The Saxon Church - Shrouded in Secrets
With both simple beauty and an exciting history, the Saxon Church is Bradford on Avon's oldest and perhaps best known buildings. It is also of national importance as one of the most complete Saxon buildings still in existence.
Bradford on Avon was an important religious centre in Saxon times. St. Aldhem is though to have founded a minster church at Bradford in the 8th century, possibly on the site of Holy Trinity Church.
The Saxon Church, however, is clearly from its architectural style and plan, of the early 11th century. It is most likely to have been built by the nuns of Shaftesbury Abbey after they acquired the manor of Bradford. At a time of Viking raids along the south coast, it would represent for them an inland refuge and place of safety, if needed, for the bones of Edward the Martyr.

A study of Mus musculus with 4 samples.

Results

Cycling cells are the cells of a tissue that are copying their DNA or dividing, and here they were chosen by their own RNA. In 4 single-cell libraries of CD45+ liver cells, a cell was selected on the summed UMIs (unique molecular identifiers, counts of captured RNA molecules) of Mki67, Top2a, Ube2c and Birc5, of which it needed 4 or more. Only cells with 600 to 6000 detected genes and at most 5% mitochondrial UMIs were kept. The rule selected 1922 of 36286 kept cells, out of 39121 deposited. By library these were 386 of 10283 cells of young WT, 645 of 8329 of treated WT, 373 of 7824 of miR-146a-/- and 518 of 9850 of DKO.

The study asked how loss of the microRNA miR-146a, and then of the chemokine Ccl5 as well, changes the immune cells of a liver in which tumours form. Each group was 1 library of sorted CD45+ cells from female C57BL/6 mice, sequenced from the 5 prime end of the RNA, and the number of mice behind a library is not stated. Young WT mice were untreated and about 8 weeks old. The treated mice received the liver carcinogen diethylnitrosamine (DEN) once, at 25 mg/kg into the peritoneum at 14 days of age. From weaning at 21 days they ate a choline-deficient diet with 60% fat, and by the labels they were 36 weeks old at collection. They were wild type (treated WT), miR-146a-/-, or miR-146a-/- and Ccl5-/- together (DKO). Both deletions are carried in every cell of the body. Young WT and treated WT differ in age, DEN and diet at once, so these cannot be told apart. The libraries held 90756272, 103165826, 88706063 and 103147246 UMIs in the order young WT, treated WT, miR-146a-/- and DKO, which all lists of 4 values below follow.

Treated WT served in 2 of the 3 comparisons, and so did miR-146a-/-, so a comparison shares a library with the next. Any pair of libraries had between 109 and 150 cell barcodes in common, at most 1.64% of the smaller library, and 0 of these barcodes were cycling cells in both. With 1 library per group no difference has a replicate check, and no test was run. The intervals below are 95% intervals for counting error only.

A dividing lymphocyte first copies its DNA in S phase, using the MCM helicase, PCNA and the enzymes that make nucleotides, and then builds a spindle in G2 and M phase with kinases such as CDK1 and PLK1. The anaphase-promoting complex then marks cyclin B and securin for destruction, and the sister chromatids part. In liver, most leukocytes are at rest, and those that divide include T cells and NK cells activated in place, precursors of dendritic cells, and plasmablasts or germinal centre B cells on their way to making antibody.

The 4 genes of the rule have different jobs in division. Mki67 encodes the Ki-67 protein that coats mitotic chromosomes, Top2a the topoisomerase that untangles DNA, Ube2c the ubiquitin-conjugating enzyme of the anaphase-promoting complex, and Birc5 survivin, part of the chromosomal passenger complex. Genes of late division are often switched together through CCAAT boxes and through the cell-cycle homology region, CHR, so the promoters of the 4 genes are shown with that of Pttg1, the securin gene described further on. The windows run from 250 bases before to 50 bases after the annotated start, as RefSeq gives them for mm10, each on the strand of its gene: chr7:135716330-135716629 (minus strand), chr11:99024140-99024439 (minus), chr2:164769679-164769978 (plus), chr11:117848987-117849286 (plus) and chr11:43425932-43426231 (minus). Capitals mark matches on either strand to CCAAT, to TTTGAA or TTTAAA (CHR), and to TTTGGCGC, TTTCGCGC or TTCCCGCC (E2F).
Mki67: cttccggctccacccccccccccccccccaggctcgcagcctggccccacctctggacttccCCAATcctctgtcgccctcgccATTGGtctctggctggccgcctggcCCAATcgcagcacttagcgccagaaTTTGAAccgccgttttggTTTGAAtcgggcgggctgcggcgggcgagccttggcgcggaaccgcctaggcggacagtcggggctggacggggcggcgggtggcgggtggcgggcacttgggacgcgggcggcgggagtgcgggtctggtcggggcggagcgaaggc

For centuries the Saxon church was lost, hidden behind buildings of various other establishments. It was used in 1715 as an 'ossuary', a skull and bone house, and in the 1800's as a free school for boys. You can still see the blackening on the nave walls from the kitchen fire.
It was not until 1856 that repair work uncovered the two stone carved angels over what is now known to be the original chancel arch. This led to the rediscovery of the small church by Canon Jones, the vicar of Bradford on Avon, who brought it to public attention and led the move for its restoration.
Today the church is still used as a place of worship by the congregation of Holy Trinity as well as other Christian groups.